With most anticipating a federal appeals court panel would not issue a stay of the FCC's new network neutrality rules, or the TItle II reclassification undergirding them, the response to the news that that was indeed the court's decision drew immediate response (though some had prepared comments on either outcome just in case).

The rules go into effect Friday.

No fan of the rules, FCC commissioner Ajit Pai, who had voted against them, said he was disappointed, but not surprised.

"The bar for granting any stay is quite high, and I am pleased that the court did not suggest that the rules are in fact legally valid. I welcome the court’s coming examination of the FCC’s 313-page order, during which it will have an opportunity to address the order’s serious procedural and substantive flaws."

Republican commissioner Michael O'Rielly, who teamed with Pai to vote against the rules — they passed 3-2 — sounded down, but hardly out.

"The fight against the Commission’s rules, however, has only just begun, because unless eradicated they will ultimately harm the foundations of the Internet, and limit its possibilities. In the meantime, I will be vigilant in resisting any attempts by the agency to act as a referee enforcing rules known to none of the players and made up along the way."

There was more high-bar talk from USTelecom, which had sought the stay.

“While we’re disappointed the court declined to grant our stay request, we recognize that the bar for obtaining a stay is exceptionally high," said USTelecom President Walter McCormick. However, the court’s decision to grant expedited briefing shows the gravity of the issues at stake, and will facilitate a quicker path to determining the proper legal treatment for regulating broadband Internet access service."

USTelecom reiterated that it is not opposed to rules against blocking, throttling and paid prioritization, just that the 'proper treatment" is not to impose them under Title II.

COMPTEL, which represents competitive carriers, was celebrating.

“Today’s decision by the court to deny the stay request of the FCC’s open Internet rule sends a message of full steam ahead for consumers, start-ups and new network builders," said COMPTEL President Chip Pickering.

“The court's decision reaffirms the Federal Communications Commission and Chairman Tom Wheeler’s light-touch approach to deliver the strongest possible protections. We are already seeing the results in the marketplace, as interconnection agreements move forward, helping to deliver more content at a faster rate....[W]e are encouraged by today’s court decision, and stand ready to oppose those seeking to pull up the tracks on Internet access, innovation, and exploration.”

Berin Szoka, president of TechFreedom, appeared to share O'Rielly's view that the battle was just beginning.

“Getting a stay is always difficult, so the denial doesn’t say much (if anything at all) about how the case will ultimately be decided,” she said. “Today simply marks the beginning of a protracted legal fight over the legality of the FCC’s takeover of the Internet. If the FCC loses only on its glaring process failures, the court will simply order the FCC to start over again with a new rulemaking, and it will be at least two years before we get an appellate decision on the merits. If the FCC loses on the merits of its reinterpretation of the 1996 Telecom Act, the fight will shift to the Supreme Court, which could take years."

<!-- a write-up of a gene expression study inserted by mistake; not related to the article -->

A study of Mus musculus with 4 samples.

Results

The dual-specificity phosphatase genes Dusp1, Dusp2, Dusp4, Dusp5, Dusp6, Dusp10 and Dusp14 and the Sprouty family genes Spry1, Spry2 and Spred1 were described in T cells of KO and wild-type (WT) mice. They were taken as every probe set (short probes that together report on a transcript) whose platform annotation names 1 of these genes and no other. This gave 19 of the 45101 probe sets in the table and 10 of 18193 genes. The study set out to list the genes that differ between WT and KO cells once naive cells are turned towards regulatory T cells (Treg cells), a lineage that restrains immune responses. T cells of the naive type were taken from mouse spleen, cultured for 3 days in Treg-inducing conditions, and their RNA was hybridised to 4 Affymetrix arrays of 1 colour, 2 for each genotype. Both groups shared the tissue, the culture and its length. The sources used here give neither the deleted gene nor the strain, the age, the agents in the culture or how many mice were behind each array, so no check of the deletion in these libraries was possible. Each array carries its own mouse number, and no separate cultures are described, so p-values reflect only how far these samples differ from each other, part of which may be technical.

"The DC Circuit Court of Appeals decision not to stay the FCC’s Open Internet Order is disappointing," said Doug Brake, telecom policy analyst at the Information Technology and Innovation Foundation, but not surprising. "The bar to stay an administrative order is quite high; it requires a showing of irreparable harm and a likelihood of success on the merits.

Today’s decision is not a good signal for whether the appeal will be won or lost, only that it isn’t a slam dunk.

Uncertainty continues to reign. Congress would do well to step in with an independent grant of authority to provide the FCC the tools it needs to ensure an open Internet without resorting to the outmoded regulations of Title II."

The chairman and ranking members of the Senate Commerce Committee signaled they, too, felt Congress needed to step in to clarify the FCC's authority. (

Matt wood, Free Press policy director, said the court had made the right call in "[t]hwarting this latest attempt to strip Internet users of the protections they deserve. The Court recognized what we have long known: The FCC’s open Internet framework poses no threat to broadband providers' business interests."

The court actually only said that the petitioners had not met the strict standard for a stay.

“The court has rightly rejected the carriers' arguments," said Public Knowledge senior staff attorney John Bergmayer. "It has seen that their claims that they'd be ‘irreparably harmed’ as a result of having to protect consumers' privacy, and that their businesses depend on restricting consumer choice, are simply not credible. The carriers have also failed to convince the court that they are likely to succeed in their legal case."

Contributing editor John Eggerton has been an editor and/or writer on media regulation, legislation and policy for over four decades, including covering the FCC, FTC, Congress, the major media trade associations, and the federal courts. In addition to Multichannel News and Broadcasting + Cable, his work has appeared in Radio World, TV Technology, TV Fax, This Week in Consumer Electronics, Variety and the Encyclopedia Britannica.